With Medicare’s annual enrollment period approaching, it’s a good time to be reminded of the many tricks scammers use to pry older Americans from their money.
In this article, I will go over some ways that criminals target Medicare recipients and what you can do to protect yourself.
Medicare Scams: How To Protect Yourself
Medicare.gov has some great advice on how you can stay safe.
The old saying, “An ounce of prevention is worth a pound of cure,” readily applies when it comes to avoiding Medicare scams.
As a general rule, never give an unexpected caller your personal information, especially your Medicare card number or Social Security number.
You can also prevent yourself from being victimized by keeping up with the most recent Medicare scams at CMS.gov, the Centers for Medicare & Medicaid Services.
You’ll also want to educate yourself on how interactions between you and the agency are supposed to go. Here are a few things that agency representatives will never do, according to Medicare.gov.
- Ask for personal information like your Social Security, bank account, or credit card numbers “unless it’s needed to verify membership, determine enrollment eligibility, or process an enrollment request. Plans don’t need your personal information to give a quote,” it says on Medicare.gov.
- Call you unless you’re already a plan member.
- Offer you cash (or gifts worth more than $15) as part of a sales pitch.
- Ask for payment via phone or online (you’ll always get a bill, the agency says).
Now let’s talk about some ways to identify some common Medicare scams out there.
How To Spot Medicare Scams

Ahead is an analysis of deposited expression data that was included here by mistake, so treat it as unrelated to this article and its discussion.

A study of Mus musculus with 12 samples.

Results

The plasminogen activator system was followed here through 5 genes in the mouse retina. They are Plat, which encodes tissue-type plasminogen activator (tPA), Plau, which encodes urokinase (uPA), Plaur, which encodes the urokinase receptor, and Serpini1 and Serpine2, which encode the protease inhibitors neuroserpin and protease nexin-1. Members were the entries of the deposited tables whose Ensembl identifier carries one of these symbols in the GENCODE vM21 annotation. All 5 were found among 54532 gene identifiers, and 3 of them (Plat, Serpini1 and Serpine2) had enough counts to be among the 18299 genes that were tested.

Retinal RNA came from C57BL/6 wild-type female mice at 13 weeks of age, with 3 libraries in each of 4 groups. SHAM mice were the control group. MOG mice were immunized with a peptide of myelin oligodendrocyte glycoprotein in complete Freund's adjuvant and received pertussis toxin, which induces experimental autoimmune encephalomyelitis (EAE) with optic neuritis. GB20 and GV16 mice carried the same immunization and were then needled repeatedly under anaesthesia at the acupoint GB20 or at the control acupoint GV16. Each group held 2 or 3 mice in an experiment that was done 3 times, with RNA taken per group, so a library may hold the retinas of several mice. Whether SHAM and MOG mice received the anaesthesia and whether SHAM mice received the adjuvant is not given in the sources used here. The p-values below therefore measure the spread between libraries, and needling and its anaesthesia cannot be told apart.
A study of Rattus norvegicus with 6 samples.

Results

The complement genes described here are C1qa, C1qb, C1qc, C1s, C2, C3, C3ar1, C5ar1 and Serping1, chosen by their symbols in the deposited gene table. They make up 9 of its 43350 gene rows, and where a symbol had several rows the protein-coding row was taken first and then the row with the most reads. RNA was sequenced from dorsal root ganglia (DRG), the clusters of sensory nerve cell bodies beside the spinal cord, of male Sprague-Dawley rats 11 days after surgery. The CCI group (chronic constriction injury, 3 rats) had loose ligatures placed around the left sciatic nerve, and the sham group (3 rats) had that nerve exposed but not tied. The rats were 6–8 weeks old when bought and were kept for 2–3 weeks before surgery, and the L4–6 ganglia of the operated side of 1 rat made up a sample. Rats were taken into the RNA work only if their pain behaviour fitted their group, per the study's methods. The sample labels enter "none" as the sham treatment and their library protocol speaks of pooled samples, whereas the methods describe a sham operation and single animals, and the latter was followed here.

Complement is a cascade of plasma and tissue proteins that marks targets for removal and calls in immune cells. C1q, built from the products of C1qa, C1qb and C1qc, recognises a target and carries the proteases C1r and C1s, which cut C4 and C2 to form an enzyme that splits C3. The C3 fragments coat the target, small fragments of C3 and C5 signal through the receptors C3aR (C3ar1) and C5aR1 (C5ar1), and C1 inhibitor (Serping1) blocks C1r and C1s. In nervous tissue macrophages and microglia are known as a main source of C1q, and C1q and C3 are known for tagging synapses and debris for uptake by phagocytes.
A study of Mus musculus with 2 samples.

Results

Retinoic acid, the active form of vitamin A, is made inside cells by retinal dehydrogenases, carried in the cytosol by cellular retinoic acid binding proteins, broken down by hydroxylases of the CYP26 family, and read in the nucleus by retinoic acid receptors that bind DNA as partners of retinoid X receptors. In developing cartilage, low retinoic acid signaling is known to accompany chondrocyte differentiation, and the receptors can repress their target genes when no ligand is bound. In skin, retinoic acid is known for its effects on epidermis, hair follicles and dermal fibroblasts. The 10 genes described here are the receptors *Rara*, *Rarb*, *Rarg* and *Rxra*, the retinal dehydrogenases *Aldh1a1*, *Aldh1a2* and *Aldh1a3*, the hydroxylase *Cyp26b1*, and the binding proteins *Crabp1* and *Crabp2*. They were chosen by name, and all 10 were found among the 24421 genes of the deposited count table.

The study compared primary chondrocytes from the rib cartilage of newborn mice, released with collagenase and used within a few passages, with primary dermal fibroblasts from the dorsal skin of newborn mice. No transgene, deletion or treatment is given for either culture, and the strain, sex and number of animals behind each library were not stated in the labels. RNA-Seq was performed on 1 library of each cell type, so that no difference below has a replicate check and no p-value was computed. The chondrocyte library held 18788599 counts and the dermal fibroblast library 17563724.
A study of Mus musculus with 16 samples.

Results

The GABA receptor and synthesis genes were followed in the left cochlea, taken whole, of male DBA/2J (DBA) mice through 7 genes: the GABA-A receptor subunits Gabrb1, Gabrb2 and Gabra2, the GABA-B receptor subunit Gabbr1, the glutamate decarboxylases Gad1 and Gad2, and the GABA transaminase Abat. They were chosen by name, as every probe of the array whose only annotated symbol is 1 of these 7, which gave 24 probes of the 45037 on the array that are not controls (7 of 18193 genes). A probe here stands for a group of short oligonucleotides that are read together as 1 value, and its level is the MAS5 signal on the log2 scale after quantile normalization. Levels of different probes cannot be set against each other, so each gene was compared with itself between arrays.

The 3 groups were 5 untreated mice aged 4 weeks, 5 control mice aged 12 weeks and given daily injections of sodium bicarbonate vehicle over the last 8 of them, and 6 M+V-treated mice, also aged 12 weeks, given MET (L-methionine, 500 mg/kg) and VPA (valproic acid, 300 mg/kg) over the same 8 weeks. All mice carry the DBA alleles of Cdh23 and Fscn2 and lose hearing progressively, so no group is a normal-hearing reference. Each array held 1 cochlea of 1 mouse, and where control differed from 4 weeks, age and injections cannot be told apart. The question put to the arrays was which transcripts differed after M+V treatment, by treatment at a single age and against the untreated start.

The key to safeguarding your Medicare account is to be able to spot a scam when you see it. These can take the form of unannounced home visits or even phone calls.
Medicare will never visit you at your home. If someone pops up at your door claiming to represent Medicare, it’s a scam.
You may also get phone calls from criminals who try to get you to divulge your Medicare card number, account user name and/or your password.
“When you pick up, a scam caller usually starts chatting you up to engage you, asking you conversational questions to put you at ease,” the FCC says. “Whatever scam scenario follows, the caller is trying to get your personal information, such as your Medicare card number, your Social Security Number, or other health insurance identification.”
In fact, if you get a call from a suspicious phone number, respond as money expert Clark Howard does:
“If I don’t recognize the number as being from someone I know, I do not answer the call,” Clark says.
Once you spot a likely scam, the next thing you want to do is prevent it from hurting you and others: Report it.
How To Report a Medicare Scam
To report a Medicare scam, call the agency at 1-800-MEDICARE (1-800-633-4227).
You can also file a complaint at ftc.gov/complaint.
If you take the necessary precautions, you’re much less likely to fall victim to a Medicare scam.
Worried about getting tricked by a phone call? Always initiate your own call to Medicare at 1-800-MEDICARE. That way, you’ll be sure that you’re speaking to the real agency and not a crook.
Want more ways to stay safe? Read about these scams that cost seniors millions.